Tech transformers: 10 big innovations making our gadgets better

Some pieces of tech offer slight improvements, but these ones will be game changers

Technology often moves quite slowly: every barnstorming new product is usually followed by years or even decades of incremental improvements.

But from time to time a new technology comes along and transforms everything, leaving you wondering how you ever managed without it.

So which up-coming pieces of tech could transform the whole world, and which ones offer more hype than hope? Here are the current contenders.

1. Lytro cameras

Lytro Illum

Lytro Illum is the underdog now, but could quickly be top of the pack

The newly announced Lytro Illum is the first high-end camera to use light field technology, and it's the second camera from the company. Unlike traditional photos, light field images can be refocused after you take them - so if you'd rather look at the background than the foreground, you can change the focus with a click.

It's enormously clever and has the potential to revolutionise photography. But Lytro is a real underdog here: its images require a plugin to view and it's taking on a massive and well established market. Fans hope it will become the Dyson of digital photography.

2. Project Ara

Project Ara

Prepare for DIY everything, Project Ara is leading a wave of customisable tech

Google's modular phone programme, Project Ara, could be much bigger than just phones. It's just as applicable to tablets, and Toshiba hopes to bring it to wearables too. Sensors and other key components would be swappable, so for example you might take the camera out of your phone and stick it in your smartwatch when you're going out, popping it into your tablet when you get home.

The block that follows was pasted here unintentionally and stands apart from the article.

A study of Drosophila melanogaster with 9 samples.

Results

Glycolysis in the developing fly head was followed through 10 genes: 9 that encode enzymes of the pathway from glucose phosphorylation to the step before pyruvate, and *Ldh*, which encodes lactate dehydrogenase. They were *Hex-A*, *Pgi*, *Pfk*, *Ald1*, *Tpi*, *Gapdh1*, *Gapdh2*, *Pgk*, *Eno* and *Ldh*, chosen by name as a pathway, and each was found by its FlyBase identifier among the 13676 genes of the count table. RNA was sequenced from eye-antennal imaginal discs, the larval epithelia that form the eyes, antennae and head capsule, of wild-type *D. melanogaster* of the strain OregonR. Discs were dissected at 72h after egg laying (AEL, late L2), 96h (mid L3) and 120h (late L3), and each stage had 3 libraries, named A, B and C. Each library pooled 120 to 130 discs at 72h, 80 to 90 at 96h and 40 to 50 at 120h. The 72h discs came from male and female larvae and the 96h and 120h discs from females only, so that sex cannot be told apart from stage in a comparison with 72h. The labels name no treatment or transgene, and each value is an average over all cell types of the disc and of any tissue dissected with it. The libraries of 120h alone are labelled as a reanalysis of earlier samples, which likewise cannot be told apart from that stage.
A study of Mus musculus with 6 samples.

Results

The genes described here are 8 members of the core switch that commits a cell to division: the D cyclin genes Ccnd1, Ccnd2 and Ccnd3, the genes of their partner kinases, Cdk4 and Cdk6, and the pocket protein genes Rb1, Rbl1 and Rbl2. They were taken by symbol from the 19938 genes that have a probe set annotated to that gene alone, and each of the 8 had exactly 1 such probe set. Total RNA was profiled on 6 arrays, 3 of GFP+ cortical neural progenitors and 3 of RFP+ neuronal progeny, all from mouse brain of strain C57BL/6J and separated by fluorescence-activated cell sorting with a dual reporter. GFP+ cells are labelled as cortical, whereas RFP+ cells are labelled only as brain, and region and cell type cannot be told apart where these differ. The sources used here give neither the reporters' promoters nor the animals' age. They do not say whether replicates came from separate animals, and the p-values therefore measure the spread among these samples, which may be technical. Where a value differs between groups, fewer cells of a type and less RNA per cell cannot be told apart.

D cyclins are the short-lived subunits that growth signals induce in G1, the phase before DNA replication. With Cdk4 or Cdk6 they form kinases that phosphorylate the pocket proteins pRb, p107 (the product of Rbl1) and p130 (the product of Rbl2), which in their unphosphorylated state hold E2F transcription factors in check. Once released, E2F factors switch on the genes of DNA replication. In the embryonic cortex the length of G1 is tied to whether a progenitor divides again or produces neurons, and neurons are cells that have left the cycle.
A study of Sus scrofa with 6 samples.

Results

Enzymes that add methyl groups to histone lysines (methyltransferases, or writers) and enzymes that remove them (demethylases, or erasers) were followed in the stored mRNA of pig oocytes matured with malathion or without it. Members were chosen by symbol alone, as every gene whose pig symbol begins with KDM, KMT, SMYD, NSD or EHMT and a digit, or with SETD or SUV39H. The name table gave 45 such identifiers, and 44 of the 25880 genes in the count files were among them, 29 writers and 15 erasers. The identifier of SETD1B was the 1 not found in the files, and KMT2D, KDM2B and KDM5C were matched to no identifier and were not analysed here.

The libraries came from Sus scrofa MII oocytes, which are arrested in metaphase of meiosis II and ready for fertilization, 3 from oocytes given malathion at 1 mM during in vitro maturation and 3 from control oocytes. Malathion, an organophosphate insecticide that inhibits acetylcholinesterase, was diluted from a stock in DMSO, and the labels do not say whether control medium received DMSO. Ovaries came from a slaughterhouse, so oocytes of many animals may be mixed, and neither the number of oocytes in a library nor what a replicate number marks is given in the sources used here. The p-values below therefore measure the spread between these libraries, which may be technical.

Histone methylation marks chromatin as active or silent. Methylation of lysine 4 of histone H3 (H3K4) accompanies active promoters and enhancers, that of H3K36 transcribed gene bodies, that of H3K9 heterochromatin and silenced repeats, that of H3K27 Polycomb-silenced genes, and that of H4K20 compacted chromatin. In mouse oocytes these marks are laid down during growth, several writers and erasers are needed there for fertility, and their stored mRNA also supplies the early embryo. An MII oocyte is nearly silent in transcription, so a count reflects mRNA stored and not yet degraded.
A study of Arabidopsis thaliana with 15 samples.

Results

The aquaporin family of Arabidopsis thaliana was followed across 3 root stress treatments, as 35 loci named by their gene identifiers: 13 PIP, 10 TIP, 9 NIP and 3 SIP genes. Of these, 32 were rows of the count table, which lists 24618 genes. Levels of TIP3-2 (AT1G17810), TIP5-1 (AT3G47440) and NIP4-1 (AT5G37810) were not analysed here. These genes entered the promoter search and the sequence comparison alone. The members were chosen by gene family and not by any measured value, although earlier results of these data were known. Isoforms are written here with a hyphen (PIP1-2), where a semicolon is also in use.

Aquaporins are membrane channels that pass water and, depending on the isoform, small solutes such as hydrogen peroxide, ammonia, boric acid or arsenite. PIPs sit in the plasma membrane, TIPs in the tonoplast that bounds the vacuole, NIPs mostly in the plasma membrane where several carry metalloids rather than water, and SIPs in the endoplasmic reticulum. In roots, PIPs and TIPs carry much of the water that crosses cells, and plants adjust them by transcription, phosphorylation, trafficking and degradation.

3. Oculus Rift

Oculus Rift VR Headset

VR headsets could be use for much than simply immersive gaming

Facebook didn't buy Oculus VR just because it fancied doing some VR gaming: it believes the headset could be the future of movies and perhaps even social networking too. There are applications in architecture and education and 3D modelling, and it might just help people with phobias or PTSD too.

4. iWatch

iWatch render close

Watch out for the iWatch which could be the successor to the iPod

Yes, we know: so far it's all hype and no trousers. But one of the most interesting rumours is that the iWatch is being positioned as the replacement for the iPod and as a controller for the next Apple TV, essentially making it the One Ring To Rule Them All. Maybe those iRing rumours weren't so far-fetched after all.

5. Project Christine

Project Christine Razer

Casual gamers will finally be able to upgrade their PCs and play with top level specs

Wouldn't it be great if consoles were as powerful and as expandable as gaming PCs while keeping their basic simplicity? Razer thinks so, and its Project Christine does for gaming what Project Ara does for smartphones. It's a fully modular PC where swapping out a graphics card is no more complex than unplugging a USB device. It's not a big deal for hardcore gamers, we know, but awfully attractive to more casual users.

Carrie Marshall

Writer, broadcaster, musician and kitchen gadget obsessive Carrie Marshall (Twitter) has been writing about tech since 1998, contributing sage advice and odd opinions to all kinds of magazines and websites as well as writing more than a dozen books. Her memoir, Carrie Kills A Man, is on sale now. She is the singer in Glaswegian rock band HAVR.